1-Breguet - Le Reveil du Tsar Breguet - Le Reveil du Tsar Photo: Modern Luxury

A Brief History of Alarm Watches

The alarm watch is undoubtedly the oldest horological complication. In fact, it seems that in the 13th century, Western monasteries were equipped with audible mechanisms intended to awaken monks so they could say morning prayers at the prescribed hour. One should also note that the word “watch,” which comes from the same root as “wake,” first referred to “a clock that wakes one up,” before being applied to any watch, no matter what functions it provided.

2-Jaeger-LeCoultre Master Memovox Jaeger-LeCoultre Master Memovox Photo: Modern Luxury

In the 15th century, table clocks were often equipped with an alarm mechanism that sounded on a small bell. This type of instrument would enjoy such high consideration that in 1601, the rules of the Corporation des Horlogers de Genève would demand that whoever wished to earn the certification of “maître” or master-watchmaker must produce a small clock with a morning alarm. The 16th century saw the appearance of pocket alarm watches with openworked casebacks to enhance the acoustics of the sound. In the 17th century, watchmakers also created oversized “carriage watches,” with mechanisms to wake passengers in time to make their connections.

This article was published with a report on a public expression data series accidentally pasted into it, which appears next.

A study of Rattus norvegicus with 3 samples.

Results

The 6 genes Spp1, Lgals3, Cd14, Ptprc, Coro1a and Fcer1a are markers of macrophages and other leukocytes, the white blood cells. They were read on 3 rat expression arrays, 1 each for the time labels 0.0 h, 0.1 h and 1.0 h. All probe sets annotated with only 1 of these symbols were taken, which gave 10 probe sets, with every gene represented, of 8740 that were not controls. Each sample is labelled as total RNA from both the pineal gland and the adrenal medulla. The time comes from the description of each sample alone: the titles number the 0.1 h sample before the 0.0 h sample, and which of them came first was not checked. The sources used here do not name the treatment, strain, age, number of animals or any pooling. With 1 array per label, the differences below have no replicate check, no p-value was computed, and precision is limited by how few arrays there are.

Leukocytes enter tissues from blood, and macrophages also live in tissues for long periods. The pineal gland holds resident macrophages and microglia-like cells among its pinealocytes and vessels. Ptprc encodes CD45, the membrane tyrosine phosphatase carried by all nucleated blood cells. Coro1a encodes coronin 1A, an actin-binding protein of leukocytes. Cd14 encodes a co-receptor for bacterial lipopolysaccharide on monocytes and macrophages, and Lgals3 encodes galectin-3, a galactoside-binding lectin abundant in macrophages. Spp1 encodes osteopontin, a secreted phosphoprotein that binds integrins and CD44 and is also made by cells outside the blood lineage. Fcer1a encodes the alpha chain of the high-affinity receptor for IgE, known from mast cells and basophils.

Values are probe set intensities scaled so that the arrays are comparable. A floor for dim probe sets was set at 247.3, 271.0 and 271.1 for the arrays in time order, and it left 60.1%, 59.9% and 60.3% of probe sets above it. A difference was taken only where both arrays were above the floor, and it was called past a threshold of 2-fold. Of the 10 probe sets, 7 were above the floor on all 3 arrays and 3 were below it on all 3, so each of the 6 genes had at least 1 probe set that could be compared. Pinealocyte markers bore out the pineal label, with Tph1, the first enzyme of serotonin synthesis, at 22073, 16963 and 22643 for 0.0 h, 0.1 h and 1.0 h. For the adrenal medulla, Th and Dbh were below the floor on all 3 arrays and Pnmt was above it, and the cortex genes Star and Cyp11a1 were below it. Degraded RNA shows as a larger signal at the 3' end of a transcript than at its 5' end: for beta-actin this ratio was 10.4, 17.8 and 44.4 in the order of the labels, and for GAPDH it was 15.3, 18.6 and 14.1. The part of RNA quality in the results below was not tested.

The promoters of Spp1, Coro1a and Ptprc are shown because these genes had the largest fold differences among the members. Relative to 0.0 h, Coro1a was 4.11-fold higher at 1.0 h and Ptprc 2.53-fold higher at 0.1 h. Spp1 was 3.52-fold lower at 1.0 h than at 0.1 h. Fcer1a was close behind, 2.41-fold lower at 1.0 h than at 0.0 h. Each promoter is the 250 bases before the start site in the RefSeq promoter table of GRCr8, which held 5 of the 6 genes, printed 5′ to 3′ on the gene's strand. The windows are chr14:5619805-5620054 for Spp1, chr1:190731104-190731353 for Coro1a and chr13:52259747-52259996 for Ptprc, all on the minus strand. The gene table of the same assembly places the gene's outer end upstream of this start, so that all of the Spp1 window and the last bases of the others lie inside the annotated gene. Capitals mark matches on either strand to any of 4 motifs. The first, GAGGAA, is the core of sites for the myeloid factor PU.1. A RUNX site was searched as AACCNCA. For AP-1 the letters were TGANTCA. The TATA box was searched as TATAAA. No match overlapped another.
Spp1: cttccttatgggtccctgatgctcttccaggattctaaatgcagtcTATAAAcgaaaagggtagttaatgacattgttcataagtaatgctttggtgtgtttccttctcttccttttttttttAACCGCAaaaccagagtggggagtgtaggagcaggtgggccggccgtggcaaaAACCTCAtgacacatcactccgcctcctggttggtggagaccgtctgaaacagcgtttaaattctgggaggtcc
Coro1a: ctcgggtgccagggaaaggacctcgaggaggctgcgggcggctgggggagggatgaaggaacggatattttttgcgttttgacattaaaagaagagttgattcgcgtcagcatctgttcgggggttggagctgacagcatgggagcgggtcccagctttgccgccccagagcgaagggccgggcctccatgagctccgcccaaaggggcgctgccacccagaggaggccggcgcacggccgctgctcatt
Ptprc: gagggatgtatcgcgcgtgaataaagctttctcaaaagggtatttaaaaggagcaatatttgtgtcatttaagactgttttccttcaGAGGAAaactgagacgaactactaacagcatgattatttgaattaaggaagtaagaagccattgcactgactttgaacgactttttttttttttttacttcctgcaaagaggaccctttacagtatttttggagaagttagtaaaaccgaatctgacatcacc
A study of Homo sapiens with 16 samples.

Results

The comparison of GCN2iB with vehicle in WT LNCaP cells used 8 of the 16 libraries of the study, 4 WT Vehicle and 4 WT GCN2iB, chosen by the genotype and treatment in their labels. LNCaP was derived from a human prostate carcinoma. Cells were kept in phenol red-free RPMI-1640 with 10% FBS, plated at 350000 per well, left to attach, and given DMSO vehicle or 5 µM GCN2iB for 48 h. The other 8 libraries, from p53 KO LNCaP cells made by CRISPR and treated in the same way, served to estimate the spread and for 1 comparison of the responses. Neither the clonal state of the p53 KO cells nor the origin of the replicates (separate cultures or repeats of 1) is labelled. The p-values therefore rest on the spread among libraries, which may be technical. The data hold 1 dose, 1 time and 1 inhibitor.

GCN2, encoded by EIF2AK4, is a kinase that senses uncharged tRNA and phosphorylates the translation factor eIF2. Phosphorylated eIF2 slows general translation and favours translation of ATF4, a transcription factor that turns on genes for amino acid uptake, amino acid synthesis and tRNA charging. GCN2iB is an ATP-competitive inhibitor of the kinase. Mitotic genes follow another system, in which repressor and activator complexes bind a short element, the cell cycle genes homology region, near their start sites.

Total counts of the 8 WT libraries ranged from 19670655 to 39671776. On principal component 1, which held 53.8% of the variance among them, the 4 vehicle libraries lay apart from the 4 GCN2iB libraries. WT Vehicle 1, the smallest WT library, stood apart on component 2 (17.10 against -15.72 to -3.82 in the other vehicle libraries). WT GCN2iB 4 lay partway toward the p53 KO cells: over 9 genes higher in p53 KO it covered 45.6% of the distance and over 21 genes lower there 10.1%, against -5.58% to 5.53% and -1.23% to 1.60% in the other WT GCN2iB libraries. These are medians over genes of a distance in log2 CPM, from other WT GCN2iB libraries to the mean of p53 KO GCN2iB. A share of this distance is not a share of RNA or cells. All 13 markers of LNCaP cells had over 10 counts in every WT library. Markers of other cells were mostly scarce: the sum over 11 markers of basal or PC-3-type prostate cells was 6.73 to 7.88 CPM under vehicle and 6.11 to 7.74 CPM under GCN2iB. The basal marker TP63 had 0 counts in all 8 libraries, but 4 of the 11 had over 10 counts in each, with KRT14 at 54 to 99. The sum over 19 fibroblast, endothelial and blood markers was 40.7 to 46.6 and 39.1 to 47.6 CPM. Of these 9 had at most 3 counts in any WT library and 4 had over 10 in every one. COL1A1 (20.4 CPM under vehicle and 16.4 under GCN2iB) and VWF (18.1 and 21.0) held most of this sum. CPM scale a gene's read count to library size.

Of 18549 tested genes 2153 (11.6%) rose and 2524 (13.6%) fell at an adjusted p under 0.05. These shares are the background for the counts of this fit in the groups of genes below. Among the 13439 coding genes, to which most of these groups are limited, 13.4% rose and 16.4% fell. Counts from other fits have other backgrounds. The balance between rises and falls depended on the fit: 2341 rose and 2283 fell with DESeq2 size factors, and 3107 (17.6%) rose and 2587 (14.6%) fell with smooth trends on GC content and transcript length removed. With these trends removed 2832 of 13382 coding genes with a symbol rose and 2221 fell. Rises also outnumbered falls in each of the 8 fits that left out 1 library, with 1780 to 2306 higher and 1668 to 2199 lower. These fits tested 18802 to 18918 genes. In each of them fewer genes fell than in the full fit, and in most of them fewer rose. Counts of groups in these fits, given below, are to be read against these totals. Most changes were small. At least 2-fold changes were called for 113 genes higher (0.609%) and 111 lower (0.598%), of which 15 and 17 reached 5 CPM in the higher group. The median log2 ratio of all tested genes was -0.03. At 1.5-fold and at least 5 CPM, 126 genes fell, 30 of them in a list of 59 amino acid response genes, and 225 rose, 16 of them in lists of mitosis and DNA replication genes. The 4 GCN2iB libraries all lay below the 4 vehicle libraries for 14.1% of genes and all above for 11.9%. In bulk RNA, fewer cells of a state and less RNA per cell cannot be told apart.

3-Vulcain - Cricket X-TREME Vulcain - Cricket X-TREME Photo: Modern Luxury

The first wristwatch alarms began to appear in 1914, but their sound was not yet strong enough to wake a sound sleeper. For that, the world would have to wait until 1947, when Vulcain launched the first truly functional alarm wristwatch, powered by the famously piercing Cricket caliber.

In the 1950s and ’60s, the mechanical alarm watch experienced its golden age. Many watch brands were interested in this newly popular domain, developing many technical innovations, such as the first watches with a volume option (loud/soft) or with self-winding movements. By the 1970s, the tidal wave of quartz movements and radio alarm clocks seemed to sign the death warrant for mechanical alarm watches.

4-Ulysse Nardin - Classic Sonata Ulysse Nardin - Classic Sonata Photo: Modern Luxury

The renaissance of mechanical watchmaking, at the end of the 1980s, signaled the grand return of the wristwatch alarm. For close to a decade, this grand classic of horology has been enjoying renewed popularity among some of the biggest names in the industry. We are seeing various technical enhancements, as well as variations on display systems and designs—all of which are clear signs that this useful function will be making itself heard for some time to come.